Saturday, October 18, 2014

Where Shall We Store Our Radioactive Waste?

From September 20 to 22, 2014 the Deutsch-Schweizer Fachverband für Strahlenschutz (Swiss-German Radiation Protection Association) held a symposium in Mainz dealing with the topic: Zwischenlager - Dauerlager - Endlager: Wohin mit unserem radioaktiven Abfall? (Intermediate, permanent and final storage: Where shall we store our radioactive waste?)



After fourteen years of absence from the radiation protection scene Red Baron took the ICE train to Mainz ordering as usual the pot of coffee and the notorious Butterkuchen. While waiting to be served I opened my iPad to read the latest edition of the Badische Zeitung (BZ) online. I quickly passed over national and international political news that I had already read from other sources and concentrated on Freiburg's locals.

When I opened the page with the letters to the editor I was shocked reading the following title: Sie sollen den radioaktiven Müll in ihre Gärten oder Parkanlagen aufnehmen (They should take the radioactive waste to store it in their gardens and parks). In his letter to the BZ the writer accused operators, banks, share holders, and politicians being the profiteers of atomic energy while they were downplaying the radioactive waste produced in nuclear power reactors. The author suggested that these people shall proof that radioactivity is as harmless as they had propagated. They should be forced to live in atomic ghettos loaded with radioactive waste where they shall eat their home grown vegetables. It is not fair that some people had earned big money with electricity produced by nuclear power while we who had nothing to say must now take the rap for it.

The word "ghetto" reminded me of Germany's darkest past and drove me nuts. I started drafting an answer immediately. However considering that anger is a bad counselor I decided to wait for the outcome of the symposium before writing a letter to the BZ.

In 1962 Germany's first nuclear power plant in Kahl had been connected to the grid and since then everybody and not only operators of nuclear reactors has profited from the electricity produced. When Chancellor Konrad Adenauer and his Atomminister Franz Josef Strauß propagated Atoms for Peace in my country in 1955 they found a wide societal support. As time went by more and more nuclear power stations were built and produced electricity without endangering the population until 2011. In that year the Federal Government shocked by the Fukushima catastrophe decided the phasing out of nuclear energy in Germany. Now the installations already shut-down and those still to be decommissioned must be stripped down and the radioactive material be safely disposed of. To finance this work operators of nuclear power station had to build up reserves over the years that by now amount to several billion euros.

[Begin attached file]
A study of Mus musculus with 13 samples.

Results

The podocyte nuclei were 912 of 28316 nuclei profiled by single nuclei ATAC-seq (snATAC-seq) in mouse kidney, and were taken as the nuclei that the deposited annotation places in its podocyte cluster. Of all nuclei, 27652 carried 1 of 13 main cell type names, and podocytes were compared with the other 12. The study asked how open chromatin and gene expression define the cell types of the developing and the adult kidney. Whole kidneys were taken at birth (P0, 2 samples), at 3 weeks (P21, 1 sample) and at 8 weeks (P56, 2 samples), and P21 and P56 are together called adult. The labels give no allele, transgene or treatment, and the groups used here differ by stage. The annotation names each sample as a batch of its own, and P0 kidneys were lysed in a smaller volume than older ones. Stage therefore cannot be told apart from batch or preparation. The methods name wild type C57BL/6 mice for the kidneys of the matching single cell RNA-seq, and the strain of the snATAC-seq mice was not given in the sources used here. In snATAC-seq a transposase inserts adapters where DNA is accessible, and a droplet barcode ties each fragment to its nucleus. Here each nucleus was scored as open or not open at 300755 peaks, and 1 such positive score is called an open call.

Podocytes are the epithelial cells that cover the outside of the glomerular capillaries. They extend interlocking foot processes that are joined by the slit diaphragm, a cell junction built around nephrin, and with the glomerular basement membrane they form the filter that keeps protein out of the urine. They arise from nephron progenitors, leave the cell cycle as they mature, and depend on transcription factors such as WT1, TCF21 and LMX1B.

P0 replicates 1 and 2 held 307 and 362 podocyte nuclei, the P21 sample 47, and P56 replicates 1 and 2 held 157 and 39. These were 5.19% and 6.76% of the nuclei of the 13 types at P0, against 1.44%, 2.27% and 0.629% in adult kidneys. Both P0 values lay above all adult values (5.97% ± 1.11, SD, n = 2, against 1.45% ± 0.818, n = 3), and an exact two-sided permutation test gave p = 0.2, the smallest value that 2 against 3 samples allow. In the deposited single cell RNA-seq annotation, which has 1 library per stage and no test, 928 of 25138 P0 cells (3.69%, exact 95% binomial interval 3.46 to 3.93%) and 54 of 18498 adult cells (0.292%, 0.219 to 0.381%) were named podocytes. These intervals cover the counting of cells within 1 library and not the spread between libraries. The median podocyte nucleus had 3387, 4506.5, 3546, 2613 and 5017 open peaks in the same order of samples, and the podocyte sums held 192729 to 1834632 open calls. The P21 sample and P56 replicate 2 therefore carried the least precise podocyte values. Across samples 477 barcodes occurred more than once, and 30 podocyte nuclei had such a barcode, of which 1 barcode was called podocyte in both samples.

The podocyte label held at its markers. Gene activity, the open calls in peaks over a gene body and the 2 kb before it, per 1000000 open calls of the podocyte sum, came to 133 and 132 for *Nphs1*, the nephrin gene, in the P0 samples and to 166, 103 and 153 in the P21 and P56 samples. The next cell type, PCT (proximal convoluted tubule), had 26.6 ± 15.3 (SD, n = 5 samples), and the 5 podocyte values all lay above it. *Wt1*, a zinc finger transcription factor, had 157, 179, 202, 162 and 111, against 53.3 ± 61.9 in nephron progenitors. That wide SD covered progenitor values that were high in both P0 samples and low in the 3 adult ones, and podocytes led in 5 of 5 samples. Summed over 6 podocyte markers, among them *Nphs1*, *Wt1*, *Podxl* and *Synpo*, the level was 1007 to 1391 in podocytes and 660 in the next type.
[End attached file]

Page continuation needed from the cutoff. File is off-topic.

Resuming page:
Before the symposium started the executive board of the Fachverband gave a press conference with Red Baron sitting in the back listening. Presently spent fuel elements and other radioactive material are safely kept in intermediate storage near the reactor stations. The radioactivity is cooling down and waiting for a final storage that we all need. Even people that always have been and still are opposed to nuclear power must admit that our generation having profited from nuclear energy must clean up the radioactivity and not leave the job to our descendants. Germany needs a final repository. The next day a well balanced article in the Rhein Main Presse had the attention-grabbing headline: Wohin mit dem radioaktiven Gift? (Where to place the radioactive poison?). The author wanted to be sure that people read his column but somewhat spoiled the issue.

Indeed, the question is where can we find places to safely store material still presenting a hazard in more than 100,000 years? Such a choice not only needs our consent but that of future generations too. Germans stoke their Angst and trust their Bauchgefühl (gut feeling) so it will be difficult to reach the same general consent on a repository as in the case of the entry in and exit out of nuclear power.

The Federal Government has set up a commission of 33 persons to deal with the deposition of highly-radioactive waste according to the Standortauswahlgesetz (Law for selecting a site). The German government called scientists, members of environmental associations, representatives of the Churches!!, economy, trade unions, members of parliament and state governments into the commission to find a consensus on a site until December 31, 2015. In their initial sessions the members of the commission lost their time on points of order; so I doubt that they will meet the deadline set by the government.

I got a reaction to my letter to the editor in which the writer nearly duck the issue of the safe depository. Instead he started his letter with a general discussion on nuclear energy mentioning among other things the victims who had died from incorporating radioactivity while mining uranium or reprocessing fuel elements. When further on he denounced reactor research that is still performed in Germany he had definitely opened the can of nuclear worms or shall I rather say Pandora's Atomic Box? Remember: I had only asked for a national consent on a depository for highly radioactive waste, a safe site to bury our sins? of the past.